Optociliary Shunt Vessels

 Optociliary (retinochoroidal) shunt vessels.  Image credit:  University of Iowa, EyeRounds.org .

Optociliary (retinochoroidal) shunt vessels.

Image credit: University of Iowa, EyeRounds.org.

Optociliary shunt vessels (retinochoroidal shunts), are normal congenital collaterals between the retinal and choroidal venous circulation.  In conditions that cause chronic central retinal vein obstruction, venous outflow becomes redirected to the choroidal venous circulation, resulting in dilation of these collateral vessels.  Because these are fully-formed vessels, they can be differentiated from disc neovascularization on fluorescein angiography by the lack of leakage (1).

There are several pathologic conditions that result in the appearance of retinochoroidal shunt vessels:

Optic nerve sheath meningioma (ONSM)

 MRI of a patient with a right optic nerve sheath meningioma (red arrows).  Image from:  University of Iowa, EyeRounds.org .

MRI of a patient with a right optic nerve sheath meningioma (red arrows).

Image from: University of Iowa, EyeRounds.org.

The classic triad for presentation is slowly progressive painless monocular vision loss, optic atrophy, and optociliary shunts (which are present in ~30% of cases) (2).

Optic Nerve Glioma

 Axial MRI of a left optic nerve glioma (1).  Image from:  pedsoncologyeducation.com .

Axial MRI of a left optic nerve glioma (1).

Image from: pedsoncologyeducation.com.

Although less common, optic nerve gliomas can also cause optic nerve compression that leads to venous outflow obstruction.

Central Retinal Vein Occlusion (CRVO)

 Central retinal vein occlusion with cilioretinal artery occlusion.  Image credit: University of Iowa,  EyeRounds.org .

Central retinal vein occlusion with cilioretinal artery occlusion.

Image credit: University of Iowa, EyeRounds.org.

 Optociliary shunt vessels in chronic CRVO.  Image credit:  Medscape .

Optociliary shunt vessels in chronic CRVO.

Image credit: Medscape.

Perhaps the most common cause of retinochoroidal shunt vessels, chronic CRVO can result in the appearance of shunt vessels.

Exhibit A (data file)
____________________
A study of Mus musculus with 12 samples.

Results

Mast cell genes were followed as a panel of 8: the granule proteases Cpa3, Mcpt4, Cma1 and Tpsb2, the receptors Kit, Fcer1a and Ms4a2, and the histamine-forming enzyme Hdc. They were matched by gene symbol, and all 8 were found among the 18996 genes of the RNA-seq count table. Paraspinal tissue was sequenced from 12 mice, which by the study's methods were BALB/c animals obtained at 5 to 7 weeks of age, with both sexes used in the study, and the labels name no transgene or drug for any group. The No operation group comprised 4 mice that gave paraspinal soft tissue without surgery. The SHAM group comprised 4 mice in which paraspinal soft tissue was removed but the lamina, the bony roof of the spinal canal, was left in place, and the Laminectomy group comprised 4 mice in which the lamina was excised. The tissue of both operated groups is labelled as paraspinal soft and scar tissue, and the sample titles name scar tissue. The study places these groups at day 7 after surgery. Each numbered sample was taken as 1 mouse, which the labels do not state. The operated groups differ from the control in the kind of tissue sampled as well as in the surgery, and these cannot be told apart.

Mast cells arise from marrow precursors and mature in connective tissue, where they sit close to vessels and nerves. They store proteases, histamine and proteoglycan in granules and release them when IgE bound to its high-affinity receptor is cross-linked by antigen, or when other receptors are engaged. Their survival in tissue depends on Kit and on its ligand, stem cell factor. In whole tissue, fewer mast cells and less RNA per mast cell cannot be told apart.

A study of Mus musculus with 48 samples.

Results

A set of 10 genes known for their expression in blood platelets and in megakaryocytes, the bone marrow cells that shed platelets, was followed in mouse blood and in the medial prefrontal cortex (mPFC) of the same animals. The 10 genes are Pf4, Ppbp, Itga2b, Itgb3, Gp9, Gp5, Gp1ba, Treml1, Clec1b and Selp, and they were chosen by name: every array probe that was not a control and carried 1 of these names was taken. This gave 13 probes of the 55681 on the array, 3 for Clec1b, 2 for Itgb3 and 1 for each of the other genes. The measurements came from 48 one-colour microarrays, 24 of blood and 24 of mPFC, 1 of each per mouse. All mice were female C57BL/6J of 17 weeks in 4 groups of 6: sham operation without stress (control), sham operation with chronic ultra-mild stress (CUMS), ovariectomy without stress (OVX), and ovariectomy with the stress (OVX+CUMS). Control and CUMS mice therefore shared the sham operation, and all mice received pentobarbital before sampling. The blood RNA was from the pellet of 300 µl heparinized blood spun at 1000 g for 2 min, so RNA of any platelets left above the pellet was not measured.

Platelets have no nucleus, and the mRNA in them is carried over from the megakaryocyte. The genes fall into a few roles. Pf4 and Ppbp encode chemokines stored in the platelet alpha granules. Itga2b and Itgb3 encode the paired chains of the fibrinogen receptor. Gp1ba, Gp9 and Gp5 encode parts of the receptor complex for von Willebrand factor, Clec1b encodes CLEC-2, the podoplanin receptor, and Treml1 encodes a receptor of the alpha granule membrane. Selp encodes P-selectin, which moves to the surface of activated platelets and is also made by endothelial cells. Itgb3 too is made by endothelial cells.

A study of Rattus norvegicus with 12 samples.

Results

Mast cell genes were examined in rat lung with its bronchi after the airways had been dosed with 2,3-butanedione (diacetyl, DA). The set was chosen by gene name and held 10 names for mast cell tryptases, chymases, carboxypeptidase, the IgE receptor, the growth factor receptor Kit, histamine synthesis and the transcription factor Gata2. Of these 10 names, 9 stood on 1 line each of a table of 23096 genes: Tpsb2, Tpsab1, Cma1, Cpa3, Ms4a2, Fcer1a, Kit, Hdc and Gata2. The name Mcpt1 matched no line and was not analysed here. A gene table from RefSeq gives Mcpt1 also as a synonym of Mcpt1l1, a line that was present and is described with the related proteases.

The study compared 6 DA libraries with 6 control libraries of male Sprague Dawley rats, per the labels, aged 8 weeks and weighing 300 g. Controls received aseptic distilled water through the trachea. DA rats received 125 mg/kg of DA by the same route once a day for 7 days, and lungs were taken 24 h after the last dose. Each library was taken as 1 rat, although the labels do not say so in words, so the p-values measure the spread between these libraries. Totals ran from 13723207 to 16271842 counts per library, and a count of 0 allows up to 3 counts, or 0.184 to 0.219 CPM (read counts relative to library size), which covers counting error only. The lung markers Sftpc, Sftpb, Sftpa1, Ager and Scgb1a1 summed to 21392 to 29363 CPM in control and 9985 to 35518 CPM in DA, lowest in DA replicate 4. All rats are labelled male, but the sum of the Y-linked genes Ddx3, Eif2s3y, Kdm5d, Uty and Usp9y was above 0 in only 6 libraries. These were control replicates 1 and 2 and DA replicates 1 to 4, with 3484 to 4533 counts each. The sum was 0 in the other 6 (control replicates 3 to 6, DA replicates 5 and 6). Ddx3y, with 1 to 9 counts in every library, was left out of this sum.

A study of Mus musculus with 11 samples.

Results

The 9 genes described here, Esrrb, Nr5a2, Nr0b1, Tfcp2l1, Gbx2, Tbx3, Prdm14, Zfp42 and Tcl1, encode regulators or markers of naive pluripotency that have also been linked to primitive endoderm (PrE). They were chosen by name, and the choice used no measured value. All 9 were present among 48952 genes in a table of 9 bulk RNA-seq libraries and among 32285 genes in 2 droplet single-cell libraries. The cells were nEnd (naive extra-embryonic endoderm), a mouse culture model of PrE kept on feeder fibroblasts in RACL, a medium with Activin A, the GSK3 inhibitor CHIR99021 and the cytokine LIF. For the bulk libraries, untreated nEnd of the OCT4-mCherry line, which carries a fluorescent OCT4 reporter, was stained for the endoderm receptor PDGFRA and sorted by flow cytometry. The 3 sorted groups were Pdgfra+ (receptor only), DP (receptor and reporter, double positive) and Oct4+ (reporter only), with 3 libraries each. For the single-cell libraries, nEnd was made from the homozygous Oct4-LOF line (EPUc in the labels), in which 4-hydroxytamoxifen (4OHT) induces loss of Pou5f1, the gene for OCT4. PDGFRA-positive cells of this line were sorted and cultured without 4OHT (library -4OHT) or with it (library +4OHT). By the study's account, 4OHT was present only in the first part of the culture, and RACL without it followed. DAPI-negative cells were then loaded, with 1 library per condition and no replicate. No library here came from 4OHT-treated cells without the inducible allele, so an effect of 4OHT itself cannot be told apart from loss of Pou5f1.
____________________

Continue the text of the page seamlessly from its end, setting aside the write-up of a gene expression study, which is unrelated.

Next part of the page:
Chronic Papilledema

 Stages of papilledema.  Image credit:  slideshare.net .

Stages of papilledema.

Image credit: slideshare.net.

Chronic papilledema results in central retinal vein obstruction.  While not always present, it may help distinguish acute papilledema from chronic papilledema.

Sphenoid Wing Meningioma

 Axial MRI of a left sphenoid wing meningioma.  Image credit:  Radiopaedia.org .

Axial MRI of a left sphenoid wing meningioma.

Image credit: Radiopaedia.org.

Sphenoid wing meningiomas may cause optociliary shunt vessels if they end up compressing the central retinal vein.

References and Additional Reading

  1. Beebe J, Chan C.  Optociliary shunt vessels.  EyeRounds.org.  University of Iowa Department of Ophthalmology.  Website.
  2. O'Brien JC, Pineles SL.  Optic nerve sheath meningioma.  eyewiki.aao.org.  American Academy of Ophthalmology.  Website.
  3. Chen J.  Optic nerve sheath meningioma.  EyeRounds.org.  University of Iowa Department of Ophthalmology.  Website.
  4. Barton J.  Worsening vision with weird disc vessels.  neuroophthalmology.ca.  Canadian Neuro-Ophthalmology Group.  Website.
  5. Kansu T.  Neuro-Ophthalmology of Meningiomas.  clinicalgate.com.  Website.
  6. Basic and Clinical Science Course, Section 5:  Neuro-Ophthalmology.  American Academy of Ophthalmology, 2017-2018.